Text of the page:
Careers in Medicine

IHS0265sm_2 “There could not be a more exciting time to go into medicine,” declares Everett Rhoades, Kiowa, MD. I can’t think of any branch of medicine that isn't in the midst of some dynamic and exciting change. And these marvelous advances are going to continue for the next generations or so.

“I don’t know many professions that offer such potential for an individual to do almost anything he or she wants to do. There are opportunities to teach, to directly take care of sick folks, to do research, to be involved in policy, and to be an administrator. The opportunities are greater than they’ve ever been.

“I personally don’t know anyone in healthcare who is unemployed, except by choice. Whatever the world is going to be in 20 or 50 years, one can’t go wrong going into some field of healthcare.”

Why are American Indian and Native Alaskan physicians needed?

“Everything else being equal, the average Indian patient is better served by an Indian healer,” asserts Rhoades. Dr. Erik Brodt’s encounter with a Chippewa elder beautifully illustrates the reasons this is true. Dr. Joy Dorscher asserts, “Physicians who understand the concerns and customs of a community are best able to address the health disparities that exist in the health of American Indian people.”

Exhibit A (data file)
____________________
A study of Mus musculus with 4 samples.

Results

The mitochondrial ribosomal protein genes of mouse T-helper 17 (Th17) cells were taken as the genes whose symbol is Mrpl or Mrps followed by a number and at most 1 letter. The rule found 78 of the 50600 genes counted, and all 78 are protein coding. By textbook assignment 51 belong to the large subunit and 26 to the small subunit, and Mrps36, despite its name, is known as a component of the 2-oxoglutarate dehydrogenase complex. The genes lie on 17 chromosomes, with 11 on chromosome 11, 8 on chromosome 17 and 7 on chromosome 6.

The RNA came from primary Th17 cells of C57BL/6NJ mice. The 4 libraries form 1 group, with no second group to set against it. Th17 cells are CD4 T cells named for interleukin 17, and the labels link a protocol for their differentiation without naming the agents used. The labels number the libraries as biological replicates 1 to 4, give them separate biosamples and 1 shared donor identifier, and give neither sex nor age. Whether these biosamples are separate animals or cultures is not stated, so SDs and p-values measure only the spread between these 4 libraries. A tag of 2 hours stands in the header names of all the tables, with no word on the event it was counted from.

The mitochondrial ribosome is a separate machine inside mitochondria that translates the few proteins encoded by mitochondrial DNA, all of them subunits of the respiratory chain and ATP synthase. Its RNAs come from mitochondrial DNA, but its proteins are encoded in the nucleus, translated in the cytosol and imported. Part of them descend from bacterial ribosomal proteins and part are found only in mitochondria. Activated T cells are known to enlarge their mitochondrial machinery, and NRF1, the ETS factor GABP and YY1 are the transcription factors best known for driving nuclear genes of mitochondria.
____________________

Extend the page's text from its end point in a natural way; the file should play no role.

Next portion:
Not surprisingly, when minority patients have the opportunity to select a healthcare professional, they are likely to choose a health professional of their own racial and ethnic background. They are also more likely to be satisfied with the care that this professional provides. In addition, minority physicians are more likely to treat minority and indigent patients and to practice in underserved communities.

Although Native physicians provide culturally sensitive, high-quality care to Native people, Rhoades argues that Indian graduates should be free to choose where they want to work, “Indian physicians have a rich heritage that is needed not only by Indian people but by the population at large. In the Indian perspective, people are brothers and sisters to each other and to all living things, including plants and animals. There is a mystical perspective, which I regard as just as real as anything non-mystical. There is an intense religiosity that pervades daily Indian lives, even though it isn’t what it was a generation or two ago.

“Increasing the proportion of Indian people in the healing arts is a way of preserving the heritage that the rest of the country needs," Rhoades continues. "It would enrich the whole field of medicine. Indian people with all that is embodied in them bring to the table a perspective that the rest of the country needs desperately.”

More American Indian and Alaskan Native Physicians are Needed

In 1971 when Dr. Rhoades and his colleagues established the Association of American Indian Physicians, there were only 14 American Indian physicians. Today there are many more American Indian and Alaskan Native physicians. But more are still needed.


See the Associated Press article
“Native-American doctors blend modern care, medicine men,” by Felicia Fonseca and Heather Clark (4/22/10).

This article was originally published in the Winter 2006 issue of Winds of Change. (The cover artist, Roxanne Chinook, is a tribal member of the Confederated Tribes of the Warm Springs Indian Reservation in Oregon. "My art emulates a personal and cultural experience, from the spirit of the trickster to healing from the traumas of my past." For more conformation, contact American Indian Art from the Pacific Northwest.